The MV Naomh Éanna once ran the ferry service between Galway City and the Aran Islands, serving as a vital link between the two, sailing as CIÉ's only seafaring vessel.
Her time as a working ship came to an end in 1986. Now she lingers in a dock close to the place of her construction, listing over to her left-hand side. Capsized, with water above part of her deck at the stern, she is little more than a ghost ship left to haunt Dublin’s Grand Canal Basin.
Built in April 1958 as one of the last large ships to be completed in the Liffey Dockyards, she spent her working life transporting passengers and cargo across Galway Bay to the islands for almost three decades.
Mark Radford, who runs the Days of the MV Naomh Éanna Facebook page and whose mother, Bríd, was from Inis Mór, recalls travelling on the ship when visiting the islands with his family in the summertime during the 1970s and 80s, until the it was decommissioned. “It was some contrast from my life on a council estate in London, as you can imagine, which left a deep lasting legacy and impression on me,” he said.
Seán Lemass, who was minister for industry and commerce at the time of ship’s construction, said the vessel’s predicted passenger list would include “tourists, cattle, pigs, film stars and millionaires”.
Shortly into its working life, the Naomh Éanna was involved in a major rescue operation when KLM flight 607E crashed into the Atlantic, 160km off the Connemara coast. On August 15th, 1958, the ship was about to leave the islands when the call came in. The passengers were disembarked and it took part in the rescue effort, recovering remains of some of the 99 victims.
The ship was laid up from active duties in 1986 and subsequently purchased by the Irish Nautical Trust, which brought it to Dublin. It was moored in the Grand Canal Basin for some years as a floating surf shop and featured in the 1996 Michael Collins film.
The vessel’s condition gradually deteriorated and it was moved by Waterways Ireland to a dock in the basin in advance of its intended scrapping in 2014.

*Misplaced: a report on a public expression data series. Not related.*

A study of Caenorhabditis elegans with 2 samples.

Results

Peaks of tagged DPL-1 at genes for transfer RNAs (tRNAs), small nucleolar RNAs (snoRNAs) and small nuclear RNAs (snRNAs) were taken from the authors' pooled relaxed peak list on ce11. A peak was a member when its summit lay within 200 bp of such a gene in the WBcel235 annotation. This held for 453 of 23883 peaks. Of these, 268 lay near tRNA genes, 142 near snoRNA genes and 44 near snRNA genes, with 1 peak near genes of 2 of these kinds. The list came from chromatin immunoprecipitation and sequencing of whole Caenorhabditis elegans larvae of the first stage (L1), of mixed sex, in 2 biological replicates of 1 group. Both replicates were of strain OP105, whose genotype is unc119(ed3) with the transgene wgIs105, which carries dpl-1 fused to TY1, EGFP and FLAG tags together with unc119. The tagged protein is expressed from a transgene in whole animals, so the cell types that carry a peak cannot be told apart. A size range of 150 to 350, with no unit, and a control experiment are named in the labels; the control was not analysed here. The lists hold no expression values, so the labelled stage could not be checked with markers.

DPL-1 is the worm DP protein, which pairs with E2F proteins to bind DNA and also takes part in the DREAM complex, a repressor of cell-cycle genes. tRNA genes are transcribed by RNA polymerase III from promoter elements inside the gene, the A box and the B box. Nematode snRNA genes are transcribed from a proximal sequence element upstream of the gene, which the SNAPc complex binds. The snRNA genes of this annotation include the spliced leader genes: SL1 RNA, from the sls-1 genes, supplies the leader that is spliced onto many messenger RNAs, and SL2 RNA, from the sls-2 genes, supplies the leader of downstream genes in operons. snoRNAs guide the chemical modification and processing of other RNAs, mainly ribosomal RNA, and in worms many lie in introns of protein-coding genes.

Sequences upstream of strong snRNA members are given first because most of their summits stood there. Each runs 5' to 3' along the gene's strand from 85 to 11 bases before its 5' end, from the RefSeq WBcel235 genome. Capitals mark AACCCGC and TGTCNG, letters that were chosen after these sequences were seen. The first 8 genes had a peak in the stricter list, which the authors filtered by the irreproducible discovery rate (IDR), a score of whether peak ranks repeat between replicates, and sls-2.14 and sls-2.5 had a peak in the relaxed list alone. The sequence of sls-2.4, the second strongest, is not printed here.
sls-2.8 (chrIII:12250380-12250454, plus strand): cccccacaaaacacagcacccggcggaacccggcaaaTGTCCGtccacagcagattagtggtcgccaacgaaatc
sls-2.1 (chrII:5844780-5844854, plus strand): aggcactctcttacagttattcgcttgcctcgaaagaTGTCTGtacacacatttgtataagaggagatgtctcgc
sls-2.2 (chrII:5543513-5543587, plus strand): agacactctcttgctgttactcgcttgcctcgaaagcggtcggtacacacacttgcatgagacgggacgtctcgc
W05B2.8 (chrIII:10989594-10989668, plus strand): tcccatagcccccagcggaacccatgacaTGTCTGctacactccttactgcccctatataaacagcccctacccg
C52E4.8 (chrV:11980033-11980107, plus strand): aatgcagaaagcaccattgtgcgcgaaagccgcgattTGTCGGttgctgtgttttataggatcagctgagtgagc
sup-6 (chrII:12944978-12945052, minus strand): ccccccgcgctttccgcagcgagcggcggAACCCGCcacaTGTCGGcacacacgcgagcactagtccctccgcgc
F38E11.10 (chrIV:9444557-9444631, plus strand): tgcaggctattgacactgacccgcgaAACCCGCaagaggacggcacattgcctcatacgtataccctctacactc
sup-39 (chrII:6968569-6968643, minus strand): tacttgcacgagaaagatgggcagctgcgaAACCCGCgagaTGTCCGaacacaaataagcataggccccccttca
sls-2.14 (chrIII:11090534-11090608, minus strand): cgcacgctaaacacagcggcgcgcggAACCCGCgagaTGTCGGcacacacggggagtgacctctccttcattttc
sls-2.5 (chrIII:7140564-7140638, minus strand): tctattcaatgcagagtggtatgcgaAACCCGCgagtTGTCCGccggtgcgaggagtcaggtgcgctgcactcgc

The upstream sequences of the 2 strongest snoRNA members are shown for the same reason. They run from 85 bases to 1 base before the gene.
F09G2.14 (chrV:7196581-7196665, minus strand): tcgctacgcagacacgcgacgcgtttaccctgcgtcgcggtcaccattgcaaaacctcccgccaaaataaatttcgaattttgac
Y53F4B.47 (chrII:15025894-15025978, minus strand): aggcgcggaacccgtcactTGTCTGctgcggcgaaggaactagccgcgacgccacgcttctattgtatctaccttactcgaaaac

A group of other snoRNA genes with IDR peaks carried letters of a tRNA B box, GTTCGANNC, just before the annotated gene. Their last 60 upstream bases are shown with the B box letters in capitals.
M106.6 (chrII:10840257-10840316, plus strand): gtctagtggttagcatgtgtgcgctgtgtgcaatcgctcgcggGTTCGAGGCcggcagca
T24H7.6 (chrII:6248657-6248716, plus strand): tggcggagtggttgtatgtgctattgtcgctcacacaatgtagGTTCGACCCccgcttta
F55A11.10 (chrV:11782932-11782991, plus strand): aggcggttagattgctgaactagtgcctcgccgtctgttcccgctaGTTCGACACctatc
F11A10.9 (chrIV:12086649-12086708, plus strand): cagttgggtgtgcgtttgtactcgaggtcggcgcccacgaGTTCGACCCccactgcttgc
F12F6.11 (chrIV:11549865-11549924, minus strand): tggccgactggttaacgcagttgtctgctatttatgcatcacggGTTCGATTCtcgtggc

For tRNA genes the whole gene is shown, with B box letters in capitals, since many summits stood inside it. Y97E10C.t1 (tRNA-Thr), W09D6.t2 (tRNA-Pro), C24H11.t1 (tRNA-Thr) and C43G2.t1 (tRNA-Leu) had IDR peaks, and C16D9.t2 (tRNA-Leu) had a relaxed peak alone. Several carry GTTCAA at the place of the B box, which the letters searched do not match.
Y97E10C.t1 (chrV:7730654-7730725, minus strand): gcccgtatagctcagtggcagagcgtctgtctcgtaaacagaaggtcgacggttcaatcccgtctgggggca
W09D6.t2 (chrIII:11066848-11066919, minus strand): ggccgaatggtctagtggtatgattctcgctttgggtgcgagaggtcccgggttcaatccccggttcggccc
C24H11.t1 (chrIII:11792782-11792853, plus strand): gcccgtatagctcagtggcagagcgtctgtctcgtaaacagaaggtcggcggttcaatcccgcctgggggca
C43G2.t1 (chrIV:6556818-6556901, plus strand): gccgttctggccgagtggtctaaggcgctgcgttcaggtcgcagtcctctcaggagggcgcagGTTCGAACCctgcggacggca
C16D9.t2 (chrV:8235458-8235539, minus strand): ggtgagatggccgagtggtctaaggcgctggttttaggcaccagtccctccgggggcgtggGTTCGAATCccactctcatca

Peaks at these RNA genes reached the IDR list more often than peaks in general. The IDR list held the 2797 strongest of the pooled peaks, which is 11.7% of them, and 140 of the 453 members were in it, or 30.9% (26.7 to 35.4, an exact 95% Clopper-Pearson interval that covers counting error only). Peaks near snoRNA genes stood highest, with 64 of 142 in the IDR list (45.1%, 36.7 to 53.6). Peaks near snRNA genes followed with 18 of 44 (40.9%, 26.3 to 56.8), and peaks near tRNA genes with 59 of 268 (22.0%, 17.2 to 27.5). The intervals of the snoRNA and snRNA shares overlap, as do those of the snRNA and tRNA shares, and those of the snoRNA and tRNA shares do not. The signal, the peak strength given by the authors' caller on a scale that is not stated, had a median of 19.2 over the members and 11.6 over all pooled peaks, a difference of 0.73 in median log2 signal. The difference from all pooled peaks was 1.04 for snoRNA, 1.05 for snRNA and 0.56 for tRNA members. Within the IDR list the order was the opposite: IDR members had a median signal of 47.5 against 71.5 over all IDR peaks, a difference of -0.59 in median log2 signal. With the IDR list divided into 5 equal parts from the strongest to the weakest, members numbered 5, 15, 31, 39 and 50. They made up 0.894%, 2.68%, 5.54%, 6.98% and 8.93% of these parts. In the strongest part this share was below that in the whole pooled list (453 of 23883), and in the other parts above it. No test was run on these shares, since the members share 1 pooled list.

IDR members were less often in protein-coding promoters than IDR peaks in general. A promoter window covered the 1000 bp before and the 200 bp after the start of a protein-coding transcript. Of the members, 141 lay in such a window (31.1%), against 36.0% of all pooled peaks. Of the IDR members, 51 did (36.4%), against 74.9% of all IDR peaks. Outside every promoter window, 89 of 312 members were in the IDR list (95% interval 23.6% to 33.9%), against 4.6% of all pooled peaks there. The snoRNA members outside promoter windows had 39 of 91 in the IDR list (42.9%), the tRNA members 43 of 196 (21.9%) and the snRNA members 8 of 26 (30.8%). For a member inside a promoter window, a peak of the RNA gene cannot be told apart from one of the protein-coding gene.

Calls were made for the vessel to be saved and businessman Sam Field Corbett of Irish Ship and Barge Fabrication Company Limited (ISBF) bought the vessel from the trust in 2015 for just €1. Corbett has been involved in several other ship restorations, including the MV Cill Airne, now docked on North Wall Quay as a restaurant.
After a period of lobbying, a stay against the ship’s scrapping was put in place in 2016. Securing work was carried out on the vessel by Corbett’s company. “We sat in on mooring blocks to support it in the dock so we could drain the dock to carry out repairs,” says Corbett. “The ropes securing the ship were cut by trespassers on the site and that’s why it was skewed [floating off-centre] in the dock.” Corbett said the ship has also been affected by vandalism in the past.
Corbett’s initial plan for the ship was to bring it back to the docks in Galway city, with the idea of restoring it as a floating museum but that idea was not successful. Corbett then went aboutfinding a use for the ship in Dublin.
In 2017, Corbett announced plans to turn the ship into a five-star hotel in the docklands. The National Asset Management Agency (Nama) at that time held, and still do, the lease for the land and dock the ship where the ship is located. But Corbett’s company ran into difficulties not long after as the pandemic set in.
“We were hit with the pandemic and all our businesses were in the marine industry. Everything had to close and we didn’t get any kind [of support] ... we couldn’t get it financed in the end.”
“We arranged two years ago to have the ship broken up and Nama, who own the site, intervened and it fell through,” he says.
In early 2021, Corbett says the company handed over the ship’s physical registration book to help with disposal process following a meeting with Nama.
In a response to The Irish Times, Nama said: “The Naomh Éanna is not owned by Nama; it is owned by Irish Ship & Barge Fabrication Company (ISBF), which remains solely responsible for the ship and its maintenance. Nama understands that ISBF have taken measures to secure the ship and are considering options to resolve the matter, including the removal of the ship from the dock.” Nama declined to add anything to its statement when queried about the registration book.
Corbett confirmed the vessel is still owned by ISBF as the details of the registration were not changed when the book was handed over.
On the afternoon of Tuesday, January 24th, the ship began to list and capsized in the dock, further complicating the situation. Corbett says his company “does not have the resources to do anything with the ship”.
“Nama must be involved with whatever happens in the breaking of the ship. We have to access the site through them ... the position the ship is in now is going to make [breaking it] more difficult.”
For now, the ship’s future remains in a watery limbo.